Tartuffe, National Theatre review - morality-heavy version of the comedy classic

Tartuffe, National Theatre review - morality-heavy version of the comedy classic

Brexit provides an unwelcome motor for John Donnelly's Molière-with-a-twist

Olivia Williams as Elmire and other members of the cast throw themselves the mayhem of the final scene Manuel Harlan

Here's a recipe for a successful National Theatre production: take a well-loved classical comedy, employ an outstanding young director and a talented writer (so much the better if they have a proven track record together) and cast gold-standard actors, including, if possible, someone with a screen presence. What could possibly go wrong? Well, unfortunately, just such a promising mix fails to gel in Tartuffe. Director Blanche McIntyre and John Donnelly were responsible for a well-regarded tour of The Seagull in 2013, while favourite actors Olivia Williams, Kevin Doyle and Susan Engel are among a fine cast joined in the title role by Denis O'Hare (below right, with Kevin Doyle), known for American Horror Story and True Blood.

Denis O'Hare and Kevin Doyle as Tartuffe and OrgonSo what did go wrong? Hypocrisy and fraudsters never go out of fashion, after all; this is the third Tartuffe to hit our stages in little more than a year. In 2018 Christopher Hampton's dual language, LA-set update ran at the Haymarket and the Royal Shakespeare Company's Muslim-context version is just ending its Stratford run. But, whatever the setting, for the modern audience a way has to be found around the fact that religion - except in some pockets of society - is no longer the lightning rod that it was in Seventeenth Century France. When Molière's play, its first version written in 1664, was banned, anti-Catholics could still be burned at the stake. Donnelly has transmuted the traditional notion of religious hypocrisy into a clash of lifestyles. He has not so much updated Tartuffe as spliced Molière's comedy on to his own state-of-the-nation morality play. In this unsatisfactory amalgam we are told, in no uncertain terms, that we are all - audience as well as tricked characters and discovered fraudsters - guilty, and we are addressed several times from the stage to underline the fact.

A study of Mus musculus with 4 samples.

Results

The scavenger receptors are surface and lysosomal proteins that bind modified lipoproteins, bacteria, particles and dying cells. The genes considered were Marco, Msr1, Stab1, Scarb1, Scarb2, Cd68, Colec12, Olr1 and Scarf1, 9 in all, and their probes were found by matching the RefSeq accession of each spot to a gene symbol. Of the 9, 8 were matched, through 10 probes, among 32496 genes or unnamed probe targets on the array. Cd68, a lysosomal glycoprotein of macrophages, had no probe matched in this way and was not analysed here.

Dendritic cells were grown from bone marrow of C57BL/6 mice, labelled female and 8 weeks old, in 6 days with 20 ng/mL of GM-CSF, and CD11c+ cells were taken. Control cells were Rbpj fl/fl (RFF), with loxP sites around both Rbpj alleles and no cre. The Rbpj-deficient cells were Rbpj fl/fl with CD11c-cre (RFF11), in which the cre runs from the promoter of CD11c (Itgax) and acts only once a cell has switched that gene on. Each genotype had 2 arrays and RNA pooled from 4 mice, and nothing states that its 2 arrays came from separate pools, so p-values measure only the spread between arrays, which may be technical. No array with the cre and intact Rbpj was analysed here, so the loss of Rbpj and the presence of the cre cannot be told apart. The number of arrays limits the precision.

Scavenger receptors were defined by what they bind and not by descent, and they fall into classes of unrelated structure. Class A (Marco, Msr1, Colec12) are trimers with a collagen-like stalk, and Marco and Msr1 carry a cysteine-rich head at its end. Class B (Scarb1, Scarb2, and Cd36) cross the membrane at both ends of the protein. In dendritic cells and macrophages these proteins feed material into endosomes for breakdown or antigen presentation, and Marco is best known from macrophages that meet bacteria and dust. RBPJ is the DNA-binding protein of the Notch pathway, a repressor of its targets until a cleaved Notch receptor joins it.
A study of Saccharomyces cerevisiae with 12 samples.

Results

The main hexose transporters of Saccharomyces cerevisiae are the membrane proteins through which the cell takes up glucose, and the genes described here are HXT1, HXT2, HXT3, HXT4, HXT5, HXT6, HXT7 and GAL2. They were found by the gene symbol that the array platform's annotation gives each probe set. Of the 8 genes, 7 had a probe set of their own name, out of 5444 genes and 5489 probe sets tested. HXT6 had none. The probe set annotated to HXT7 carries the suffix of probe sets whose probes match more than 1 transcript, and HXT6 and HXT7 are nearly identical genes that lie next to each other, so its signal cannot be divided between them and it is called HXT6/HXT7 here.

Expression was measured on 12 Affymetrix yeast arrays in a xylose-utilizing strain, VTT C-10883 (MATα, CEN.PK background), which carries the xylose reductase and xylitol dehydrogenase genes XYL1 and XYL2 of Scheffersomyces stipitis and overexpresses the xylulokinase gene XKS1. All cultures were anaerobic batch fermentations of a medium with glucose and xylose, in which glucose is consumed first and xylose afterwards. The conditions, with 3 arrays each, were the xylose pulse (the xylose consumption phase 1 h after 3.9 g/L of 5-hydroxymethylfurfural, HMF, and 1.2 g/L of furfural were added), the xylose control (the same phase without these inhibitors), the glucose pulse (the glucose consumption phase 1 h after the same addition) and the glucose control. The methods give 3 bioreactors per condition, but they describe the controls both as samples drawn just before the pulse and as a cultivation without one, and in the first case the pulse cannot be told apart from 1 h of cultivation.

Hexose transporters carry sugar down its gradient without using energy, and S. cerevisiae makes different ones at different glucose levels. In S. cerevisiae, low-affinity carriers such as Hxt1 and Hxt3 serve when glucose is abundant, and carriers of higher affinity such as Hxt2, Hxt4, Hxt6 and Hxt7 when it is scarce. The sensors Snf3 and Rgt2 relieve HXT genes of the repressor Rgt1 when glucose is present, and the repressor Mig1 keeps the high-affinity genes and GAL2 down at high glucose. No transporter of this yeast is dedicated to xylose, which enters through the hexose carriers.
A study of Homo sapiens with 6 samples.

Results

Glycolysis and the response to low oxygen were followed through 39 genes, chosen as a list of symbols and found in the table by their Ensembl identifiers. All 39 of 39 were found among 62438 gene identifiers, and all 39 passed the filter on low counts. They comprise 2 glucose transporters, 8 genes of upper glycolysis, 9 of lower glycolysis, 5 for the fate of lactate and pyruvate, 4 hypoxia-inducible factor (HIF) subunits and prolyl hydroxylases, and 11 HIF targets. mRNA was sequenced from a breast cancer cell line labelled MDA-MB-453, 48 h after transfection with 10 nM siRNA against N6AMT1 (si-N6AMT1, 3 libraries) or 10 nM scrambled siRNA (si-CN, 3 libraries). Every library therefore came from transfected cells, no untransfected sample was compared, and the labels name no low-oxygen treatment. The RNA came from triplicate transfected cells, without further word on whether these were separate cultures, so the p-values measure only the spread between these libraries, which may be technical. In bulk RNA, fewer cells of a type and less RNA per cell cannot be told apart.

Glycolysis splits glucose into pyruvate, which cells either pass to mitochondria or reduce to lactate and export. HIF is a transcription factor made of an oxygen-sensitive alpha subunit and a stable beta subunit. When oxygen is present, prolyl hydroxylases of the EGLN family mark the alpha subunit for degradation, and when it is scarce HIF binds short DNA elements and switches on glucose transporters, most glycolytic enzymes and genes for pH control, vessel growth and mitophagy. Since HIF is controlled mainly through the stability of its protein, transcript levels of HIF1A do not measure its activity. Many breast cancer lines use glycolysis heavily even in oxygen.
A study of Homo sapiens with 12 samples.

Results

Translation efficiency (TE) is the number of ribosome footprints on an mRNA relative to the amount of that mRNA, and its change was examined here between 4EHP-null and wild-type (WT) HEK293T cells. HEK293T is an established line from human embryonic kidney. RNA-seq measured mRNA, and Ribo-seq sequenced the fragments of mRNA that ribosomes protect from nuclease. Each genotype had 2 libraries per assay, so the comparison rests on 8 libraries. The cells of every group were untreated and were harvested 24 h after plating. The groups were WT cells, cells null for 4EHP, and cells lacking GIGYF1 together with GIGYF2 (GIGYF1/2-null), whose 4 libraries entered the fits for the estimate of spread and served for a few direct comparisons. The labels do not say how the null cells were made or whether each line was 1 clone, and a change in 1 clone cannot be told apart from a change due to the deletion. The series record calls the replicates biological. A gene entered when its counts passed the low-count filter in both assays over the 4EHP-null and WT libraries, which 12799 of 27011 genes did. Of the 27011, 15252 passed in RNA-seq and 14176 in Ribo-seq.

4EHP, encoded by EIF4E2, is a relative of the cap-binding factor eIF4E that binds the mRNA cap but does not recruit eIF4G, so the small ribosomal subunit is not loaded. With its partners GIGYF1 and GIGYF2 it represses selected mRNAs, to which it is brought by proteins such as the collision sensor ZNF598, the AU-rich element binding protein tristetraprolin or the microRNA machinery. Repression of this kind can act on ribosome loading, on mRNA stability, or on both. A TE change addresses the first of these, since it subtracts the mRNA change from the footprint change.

Orgon (Kevin Doyle) lives in Highgate in materialistic splendour. Robert Jones's sea-blue and red drawing room, which reeks of opulence rather than good taste, includes a gilded copy of Michelangelo's David and a picture of Saint Sebastian which glows either neon pink or green. Tartuffe, by contrast, is a poor immigrant, possibly Polish (although O'Hare's accent wanders) and, until he is taken in by Orgon, living rough. Everyone in the household is either vacuous or venal or both and just about everyone has at least one dirty secret or unethical aspiration. Tartuffe's religion is not a hypocritical version of Catholicism or any particular faith, but a mixture of anything vaguely "spiritual", whatever fits the moment, and before long he has taken over Orgon's life, his home and - almost - his wife and daughter.

Kitty Archer and Geoffrey Lumb as Marianne and ValereWhile Molière played with the idea of self-delusion as well as the deluding of the gullible, here everyone in the well-off family is wilfully blind and out for personal gain, justifying any means that results in financial comfort. Orgon is provided with a psychological reason for falling for Tartuffe's wiles: he has, apparently, begun to wonder "what's it all for", not to the extent of sharing his goods but sufficiently to lose rationality. Donnelly's happiest invention is to make Valère (eagerly played by Geoffrey Lumb, left with Kitty Archer), suitor to Orgon's daughter Mariane, the most straightforwardly self-deluding of all: a street poet who incites revolution despite being poshly educated and sitting on a stash of cash.

Orgon's wife, Elmire (Olivia Williams), loyal in the original, here admits to a string of lovers. Donnelly has her claiming, as Molière does, that she can cope independently with unwanted male advances - refreshing - and still relevant - in the era of #metoo. Williams is a joy as Elmire, as she wrestles with Tartuffe, elegant hair awry, to prove his guilt to her slow-on-the-uptake husband. There is strong support elsewhere too, not least from Susan Engel as Orgon's querulous, opinionated mother.

Molière's ending - in which a last-minute messenger from the king prevents disaster - may well have been ironically flattering to the monarchy. That is not the case here: the Prime Minister's intervention makes clear that wrongdoing matters less than being part of the right set. Donnelly's Orgon has more to answer for than Molière's but he still gets off scot-free.

With Molière's play obliged to bear so much extra weight, the comedy is often effortful. It works best in the physical, less earnest, sequences and this is where O'Hare comes into his own - chasing Elmire, losing his trousers, striking a yoga pose - but the laughs are too few.

There is, of course, nothing wrong with being reminded about divisions in society, about our responsibilities to each other (including immigrants and refugees in Brexit-fever Britain), but the finger-wagging is out of kilter with any idea of comedy and is so unsubtle as to be doomed to irritate rather than change minds.

@heathermneill

Comments

Completely agree. An appalling play.

Saw this last night and have been reading through some of the reviews on-line. At last I've found one I can agree with. Why, oh why, can't we see the play we believe we've bought tickets for, instead of someone's not very clever or amusing or interesting adaptation miles away from the original. Hopefully this dumb trend will end soon. Thanks Heather.